The leaders of Ukraine, Russia, Germany and France are meeting in Paris to find a way to end the war in eastern Ukraine.
A series of meetings are being held at the Elysee presidential palace to try to revive a 2015 peace deal that has been largely ignored.
In the years since, Ukrainian soldiers and Russia-backed separatists have continued to exchange fire across First World War-style trenches along a front line that slices through eastern Ukraine.
A major breakthrough at the summit is unlikely, and Ukrainian protesters in Kiev are heaping pressure on Ukrainian President Volodymyr Zelenskiy not to surrender too much to Russian President Vladimir Putin at their first face-to-face meeting.
Whatever happens, the summit is the biggest test yet for Mr Zelenskiy, a comic actor and political novice who won the presidency this year in a landslide – partly on promises to end the war.
While Mr Zelenskiy still enjoys broad public support, he has been embarrassed by the scandal around his discussions with US President Donald Trump that unleashed an impeachment inquiry. The US is an important military backer for Ukraine, which is hugely out-gunned by Russia.
Some Ukrainians fear Mr Zelenskiy will be outmanoeuvred by Mr Putin in Monday’s meeting.
Around 100 opposition activists have set up protest tents outside government buildings in the Ukrainian capital of Kiev. Activists are offering free food in the tents and building a stage in front of Mr Zelenskiy’s office, with banners reading “No to capitulation”.
In front of the French presidential palace, two protesters from the feminist group Femen, which originated in Ukraine, bared their breasts and shouted “Stop Putin Now!”. They were quickly whisked away by police.
Russia wants to use the summit to increase pressure on Mr Zelenskiy to fulfil the 2015 Minsk peace accord, which gives the rebel-held regions more autonomy in exchange for ending the fighting.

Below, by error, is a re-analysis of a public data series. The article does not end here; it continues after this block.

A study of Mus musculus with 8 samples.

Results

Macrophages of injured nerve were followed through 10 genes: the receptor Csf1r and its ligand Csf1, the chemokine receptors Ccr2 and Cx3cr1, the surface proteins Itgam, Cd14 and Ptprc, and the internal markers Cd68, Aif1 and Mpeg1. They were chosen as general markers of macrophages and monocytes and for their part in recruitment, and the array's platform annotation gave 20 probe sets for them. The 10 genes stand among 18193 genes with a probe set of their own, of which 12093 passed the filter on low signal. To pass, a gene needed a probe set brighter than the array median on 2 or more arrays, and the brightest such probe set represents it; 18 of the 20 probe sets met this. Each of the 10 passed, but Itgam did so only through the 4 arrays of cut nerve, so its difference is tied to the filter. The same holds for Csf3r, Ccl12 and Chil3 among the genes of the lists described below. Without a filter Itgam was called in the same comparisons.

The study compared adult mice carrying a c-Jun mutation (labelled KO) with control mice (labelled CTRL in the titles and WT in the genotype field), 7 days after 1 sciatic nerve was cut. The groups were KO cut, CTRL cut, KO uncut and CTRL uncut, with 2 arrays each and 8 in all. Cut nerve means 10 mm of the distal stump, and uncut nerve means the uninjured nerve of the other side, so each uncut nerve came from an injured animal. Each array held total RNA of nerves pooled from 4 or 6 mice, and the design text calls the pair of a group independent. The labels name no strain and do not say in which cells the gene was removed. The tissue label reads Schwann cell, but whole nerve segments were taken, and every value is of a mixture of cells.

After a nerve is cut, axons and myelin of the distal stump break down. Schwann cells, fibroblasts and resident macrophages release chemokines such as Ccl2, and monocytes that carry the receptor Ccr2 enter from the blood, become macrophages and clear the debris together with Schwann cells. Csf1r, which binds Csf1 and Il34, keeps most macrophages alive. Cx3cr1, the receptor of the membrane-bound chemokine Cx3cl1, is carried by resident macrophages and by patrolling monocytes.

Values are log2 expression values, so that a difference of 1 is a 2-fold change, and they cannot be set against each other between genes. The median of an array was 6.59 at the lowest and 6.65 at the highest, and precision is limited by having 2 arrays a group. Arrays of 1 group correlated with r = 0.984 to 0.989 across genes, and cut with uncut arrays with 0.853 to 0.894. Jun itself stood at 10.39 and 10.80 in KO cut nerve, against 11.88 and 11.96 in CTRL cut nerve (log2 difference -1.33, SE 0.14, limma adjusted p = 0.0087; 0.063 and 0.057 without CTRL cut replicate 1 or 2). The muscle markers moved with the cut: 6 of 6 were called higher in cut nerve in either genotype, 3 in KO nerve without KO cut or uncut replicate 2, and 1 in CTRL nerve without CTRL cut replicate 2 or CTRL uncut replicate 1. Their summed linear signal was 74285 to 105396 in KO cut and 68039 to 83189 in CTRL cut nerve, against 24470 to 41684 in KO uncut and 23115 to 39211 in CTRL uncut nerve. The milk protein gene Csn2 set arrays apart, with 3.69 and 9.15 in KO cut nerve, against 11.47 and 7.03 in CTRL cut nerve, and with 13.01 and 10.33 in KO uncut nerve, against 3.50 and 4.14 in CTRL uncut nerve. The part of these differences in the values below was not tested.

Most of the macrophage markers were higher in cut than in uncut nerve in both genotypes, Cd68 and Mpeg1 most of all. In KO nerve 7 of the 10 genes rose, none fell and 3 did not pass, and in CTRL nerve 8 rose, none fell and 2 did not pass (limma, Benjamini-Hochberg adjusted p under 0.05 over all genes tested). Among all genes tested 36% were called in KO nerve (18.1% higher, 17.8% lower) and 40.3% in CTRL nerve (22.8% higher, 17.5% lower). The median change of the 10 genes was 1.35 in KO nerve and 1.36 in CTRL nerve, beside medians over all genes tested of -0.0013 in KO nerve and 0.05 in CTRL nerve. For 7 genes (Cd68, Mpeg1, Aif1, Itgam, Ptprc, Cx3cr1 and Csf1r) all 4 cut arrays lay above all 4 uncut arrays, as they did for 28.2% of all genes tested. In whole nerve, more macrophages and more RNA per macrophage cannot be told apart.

Mr Zelenskiy wants to tweak the timeline laid out in the Minsk accord, which calls for Ukraine to be able to regain control of its border with Russia only after local elections are held in the separatist regions and the regions receive autonomous status. Mr Zelenskiy says Ukraine must get control of its border first before local elections are held.
The Kremlin insists that is not an option, and the separatists hope that Russia, France and Germany refuse Mr Zelenskiy’s requests.
French officials say potential changes to the timeline will be discussed, but stressed that the summit is aimed at fulfilling the Minsk accord – not writing a new peace deal.
Germany and France helped to broker the Minsk accord, in hopes of ending a conflict on Europe’s eastern edge that has complicated relations with Russia, a powerful trading partner and diplomatic player.
But with progress stalled on the ground, the leaders have not met since 2016. The summit is the first involving Mr Zelenskiy and French President Emmanuel Macron, who has sought to improve relations with Russia.